Lewis Hamilton and Sebastian Vettel finished first and second in Australian Grand Prix qualifying
Mercedes (Lewis Hamilton 1st, Valtteri Bottas 3rd) – 9/10
It was very nearly business as usual for Mercedes as Hamilton secured his sixth Australian Grand Prix pole and fourth in a row at Melbourne.
The Albert Park track proved a little colder and less rubbered in than the drivers would have liked and Bottas was disappointed afterwards not to have locked out the front row for his new team.
That said, the Finn has never qualified above 15th at the race so will have a much clearer view into Turn One than normal.
Ferrari have not qualified on the front row since Singapore in 2015, when Vettel drove from pole to victory, the Maranello's last one of those too.
The Italian team haven't been perfect and Raikkonen spent much of the day complaining about problems with the back end but his German team-mate seemed to think he could achieve something in the race.
Ferrari have shown good pace throughout testing and practice
Red Bull (Daniel Ricciardo 10th, Max Verstappen 5th) – 6.5/10
The Milton Keynes team played down their own chances despite a number of upgrades from testing and so it proved.
Verstappen achieved the best they had hoped for while Ricciardo, pushing for extra time late in the lap, ditched his car into the barriers.
The Australian will hope he does not have to make a gearbox change that will see him drop a further five places.
Haas (Romain Grosjean 6th, Kevin Magnussen 17th) – 8/10
They were team of the year in 2016 and might get the gold star for today.
The whooping on the radio and gaping smile afterwards should tell you Grosjean was delighted with getting onto the third row.
Magnussen will be disappointed to have been out-qualified by 11 places, the biggest gap on the grid, but any points for Haas will be a huge result.
Romain Grosjean was delighted to put his Haas on the third row
Williams (Felipe Massa 7th, Lance Stroll 19th) – 7/10
Massa and Stroll have both had problems in Australia and the F1 rookie suffered yet another setback in Saturday morning practice, damaging his Williams to the extent that engineers were still working on the car when Q1 got under way – he will start last thanks to a gearbox change and a five-place grid penalty.
Massa meanwhile showed that he still has plenty of ability and the Mercedes-powered Williams is not a slow car.
Toro Rosso (Carlos Sainz 8th, Daniil Kvyat 9th) – 7.5/10
Only Massa and Grosjean beat the Toro Rosso in the hotly contested midfield battle and Sainz appeared to think he could have gone further up the grid had he not struggled to react after the 15-minute break for Ricciardo's recovery.
Kvyat meanwhile has a lot to prove but was only a tenth behind the Spaniard and should be challenging for points on Sunday.
If Vijay Mallya really wants to finish third in the Constructors' Championship as he claimed at the car launch, today's performance will not cut much mustard.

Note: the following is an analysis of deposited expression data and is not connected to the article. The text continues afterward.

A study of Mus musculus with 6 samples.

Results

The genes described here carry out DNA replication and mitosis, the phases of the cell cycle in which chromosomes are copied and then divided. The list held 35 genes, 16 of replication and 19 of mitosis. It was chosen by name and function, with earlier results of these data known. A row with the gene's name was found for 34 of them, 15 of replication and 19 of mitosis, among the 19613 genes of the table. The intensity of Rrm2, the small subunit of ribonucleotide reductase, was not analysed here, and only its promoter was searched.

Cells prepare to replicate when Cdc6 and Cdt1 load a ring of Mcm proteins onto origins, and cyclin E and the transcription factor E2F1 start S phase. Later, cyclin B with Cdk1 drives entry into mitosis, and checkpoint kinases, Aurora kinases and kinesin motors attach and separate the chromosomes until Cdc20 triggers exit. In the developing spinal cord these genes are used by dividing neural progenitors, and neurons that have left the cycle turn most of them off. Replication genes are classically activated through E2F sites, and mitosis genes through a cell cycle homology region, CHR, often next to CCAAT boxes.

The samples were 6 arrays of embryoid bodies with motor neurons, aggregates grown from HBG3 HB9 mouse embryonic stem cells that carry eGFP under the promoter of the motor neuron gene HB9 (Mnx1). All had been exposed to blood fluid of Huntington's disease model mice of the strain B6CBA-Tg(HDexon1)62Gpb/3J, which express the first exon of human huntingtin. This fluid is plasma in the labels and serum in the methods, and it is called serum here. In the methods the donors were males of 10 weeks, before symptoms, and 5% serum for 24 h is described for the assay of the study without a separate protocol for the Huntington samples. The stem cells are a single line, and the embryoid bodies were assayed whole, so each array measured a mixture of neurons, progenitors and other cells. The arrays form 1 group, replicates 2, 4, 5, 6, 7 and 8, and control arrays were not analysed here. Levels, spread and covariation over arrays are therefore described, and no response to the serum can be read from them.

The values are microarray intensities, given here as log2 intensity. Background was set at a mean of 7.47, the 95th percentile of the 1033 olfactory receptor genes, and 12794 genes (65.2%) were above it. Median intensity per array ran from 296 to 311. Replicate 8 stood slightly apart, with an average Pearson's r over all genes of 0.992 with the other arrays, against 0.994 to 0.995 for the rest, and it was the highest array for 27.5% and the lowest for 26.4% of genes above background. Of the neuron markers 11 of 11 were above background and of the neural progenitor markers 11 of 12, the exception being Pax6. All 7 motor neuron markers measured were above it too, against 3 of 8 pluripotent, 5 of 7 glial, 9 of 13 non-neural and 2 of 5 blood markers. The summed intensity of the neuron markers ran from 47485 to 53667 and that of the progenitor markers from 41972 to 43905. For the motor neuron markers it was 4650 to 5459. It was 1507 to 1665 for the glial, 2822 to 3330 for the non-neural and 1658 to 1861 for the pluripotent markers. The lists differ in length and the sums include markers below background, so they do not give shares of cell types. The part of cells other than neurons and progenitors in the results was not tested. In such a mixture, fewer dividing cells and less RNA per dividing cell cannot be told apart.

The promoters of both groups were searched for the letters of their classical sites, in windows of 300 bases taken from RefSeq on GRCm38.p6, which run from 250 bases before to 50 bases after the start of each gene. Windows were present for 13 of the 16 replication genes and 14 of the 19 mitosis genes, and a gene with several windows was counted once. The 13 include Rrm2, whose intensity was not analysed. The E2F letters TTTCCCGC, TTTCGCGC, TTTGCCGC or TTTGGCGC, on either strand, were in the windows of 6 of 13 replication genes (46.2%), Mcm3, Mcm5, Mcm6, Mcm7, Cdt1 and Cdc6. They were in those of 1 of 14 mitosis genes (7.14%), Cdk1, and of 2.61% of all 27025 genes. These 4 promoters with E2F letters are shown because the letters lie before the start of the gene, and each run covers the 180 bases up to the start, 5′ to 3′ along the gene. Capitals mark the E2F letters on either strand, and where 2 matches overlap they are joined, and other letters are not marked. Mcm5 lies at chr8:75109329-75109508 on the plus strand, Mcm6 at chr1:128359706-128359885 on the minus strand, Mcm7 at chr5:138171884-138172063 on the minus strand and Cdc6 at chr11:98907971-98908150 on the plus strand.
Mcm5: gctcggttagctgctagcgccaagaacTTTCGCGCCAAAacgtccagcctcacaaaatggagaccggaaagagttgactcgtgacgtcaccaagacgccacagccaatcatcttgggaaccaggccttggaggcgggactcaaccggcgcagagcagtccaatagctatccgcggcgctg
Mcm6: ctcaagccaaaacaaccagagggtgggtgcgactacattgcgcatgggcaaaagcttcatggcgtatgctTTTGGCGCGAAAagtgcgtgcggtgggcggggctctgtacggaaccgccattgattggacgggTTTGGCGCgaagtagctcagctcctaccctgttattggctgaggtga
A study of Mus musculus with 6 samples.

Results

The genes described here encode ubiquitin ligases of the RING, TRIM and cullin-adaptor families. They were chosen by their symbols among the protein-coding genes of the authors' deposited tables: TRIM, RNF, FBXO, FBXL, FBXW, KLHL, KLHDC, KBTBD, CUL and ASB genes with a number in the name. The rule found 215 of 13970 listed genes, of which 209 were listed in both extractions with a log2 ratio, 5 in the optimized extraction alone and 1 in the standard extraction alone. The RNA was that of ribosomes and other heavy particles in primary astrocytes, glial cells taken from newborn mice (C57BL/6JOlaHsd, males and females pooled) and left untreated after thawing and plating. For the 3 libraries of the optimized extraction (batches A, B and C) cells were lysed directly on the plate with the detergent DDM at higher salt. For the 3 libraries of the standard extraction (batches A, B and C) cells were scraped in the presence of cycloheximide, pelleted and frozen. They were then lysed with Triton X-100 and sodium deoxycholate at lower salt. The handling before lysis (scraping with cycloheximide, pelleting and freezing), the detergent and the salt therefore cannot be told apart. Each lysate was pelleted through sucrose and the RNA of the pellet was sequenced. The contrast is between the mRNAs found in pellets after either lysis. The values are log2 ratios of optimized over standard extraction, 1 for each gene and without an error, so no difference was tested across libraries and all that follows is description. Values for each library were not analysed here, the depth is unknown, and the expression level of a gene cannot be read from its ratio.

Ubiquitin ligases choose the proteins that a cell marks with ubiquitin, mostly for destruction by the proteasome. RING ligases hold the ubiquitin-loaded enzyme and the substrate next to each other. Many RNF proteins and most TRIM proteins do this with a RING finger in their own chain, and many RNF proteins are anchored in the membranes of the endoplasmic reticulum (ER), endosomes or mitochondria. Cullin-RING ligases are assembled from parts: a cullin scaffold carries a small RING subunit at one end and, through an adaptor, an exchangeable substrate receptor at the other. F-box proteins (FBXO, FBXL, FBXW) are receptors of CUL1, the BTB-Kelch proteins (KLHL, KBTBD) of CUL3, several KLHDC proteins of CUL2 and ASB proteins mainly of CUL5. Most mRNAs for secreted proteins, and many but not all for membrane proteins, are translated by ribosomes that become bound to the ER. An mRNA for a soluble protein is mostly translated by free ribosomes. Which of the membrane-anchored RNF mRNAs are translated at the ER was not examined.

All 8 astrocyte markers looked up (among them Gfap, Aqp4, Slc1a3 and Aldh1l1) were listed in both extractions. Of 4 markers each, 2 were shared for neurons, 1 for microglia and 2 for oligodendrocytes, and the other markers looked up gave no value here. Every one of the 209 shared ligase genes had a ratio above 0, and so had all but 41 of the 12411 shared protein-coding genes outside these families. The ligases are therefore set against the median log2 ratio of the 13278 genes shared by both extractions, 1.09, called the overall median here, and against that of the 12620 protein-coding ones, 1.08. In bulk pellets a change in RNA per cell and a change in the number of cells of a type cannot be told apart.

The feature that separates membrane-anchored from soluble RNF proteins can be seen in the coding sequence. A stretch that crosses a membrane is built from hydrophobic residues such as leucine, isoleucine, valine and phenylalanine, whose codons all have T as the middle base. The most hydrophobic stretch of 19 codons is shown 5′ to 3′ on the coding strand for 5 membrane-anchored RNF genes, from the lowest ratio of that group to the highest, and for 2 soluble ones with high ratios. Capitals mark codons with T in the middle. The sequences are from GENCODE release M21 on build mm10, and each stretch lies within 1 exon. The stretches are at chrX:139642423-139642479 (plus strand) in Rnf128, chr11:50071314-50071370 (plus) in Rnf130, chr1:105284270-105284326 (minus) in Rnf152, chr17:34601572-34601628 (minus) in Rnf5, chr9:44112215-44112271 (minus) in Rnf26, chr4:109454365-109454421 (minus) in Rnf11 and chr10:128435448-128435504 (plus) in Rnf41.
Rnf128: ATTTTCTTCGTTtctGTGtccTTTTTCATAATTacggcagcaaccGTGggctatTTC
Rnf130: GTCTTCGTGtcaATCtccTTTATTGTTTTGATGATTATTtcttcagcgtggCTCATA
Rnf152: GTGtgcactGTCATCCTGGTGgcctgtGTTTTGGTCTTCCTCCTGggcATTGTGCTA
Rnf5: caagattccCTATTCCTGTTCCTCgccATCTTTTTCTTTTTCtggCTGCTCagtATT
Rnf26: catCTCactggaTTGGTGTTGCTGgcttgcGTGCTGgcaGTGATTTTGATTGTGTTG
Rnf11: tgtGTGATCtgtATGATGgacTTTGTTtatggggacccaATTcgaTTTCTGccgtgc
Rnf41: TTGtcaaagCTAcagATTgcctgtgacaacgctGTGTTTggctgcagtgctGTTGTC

Perez has been put on an extreme diet to drop weight because the car itself is heavier than it should be.
The Mercedes engine should help Mercedes’ Young Driver Programme Member Ocon too but 14th is not the kind of place he wants to be.
Mercedes would be a logical step for me, claims F1 driver
Jolyon Palmer SLAMS Renault car: This is why I finished last
Renault (Nico Hulkenberg 12th, Jolyon Palmer 20th) – 4/10
Palmer mouthed off at his “terrible" car after finishing dead last, even if Stroll's drop means he will start 19th.
The Brit crashed on Friday and admitted the rebuild was remarkable but with so little running on ultra-soft tyres and with qualifying fuel load, he can hardly be surprised that the car felt strange.
Hulkenberg meanwhile produced one of the quickest laps of Saturday practice and his pace suggests the car is not the only problem on Palmer's side of the garage…
McLaren (Fernando Alonso 13th, Stoffel Vandoorne 18th) – 4.5/10
Oh dear. There was a familiar radio message for Vandoorne on his first hot lap – "Box, box. We've got a fuel flow issue."
He got out and did a lap though, even if it wasn't stellar. Alonso meanwhile was more than a second quicker but remember that he had some aero upgrades not available to his junior team-mate because there wasn't time to build them.
If both cars go full race distance, that will be an achievement. That said, 13th is not the worst it could have been by a long shot.
McLaren's struggles continued during Australian Grand Prix qualifying
Sauber (Marcus Ericsson 15th, Antonio Giovinazzi 16th) – 6.5/10
Odds-on favourites to finish last in the championship, there was some good news for the Swiss team on the first day of proper competition.
With Pascal Wehrlein declaring himself unfit to drive due to a back issue, Giovinazzi had just an hour of practice before coming within a hair's breadth of Q2.
Ironically, it was Ericsson's lap that displaced the Italian at the last minute.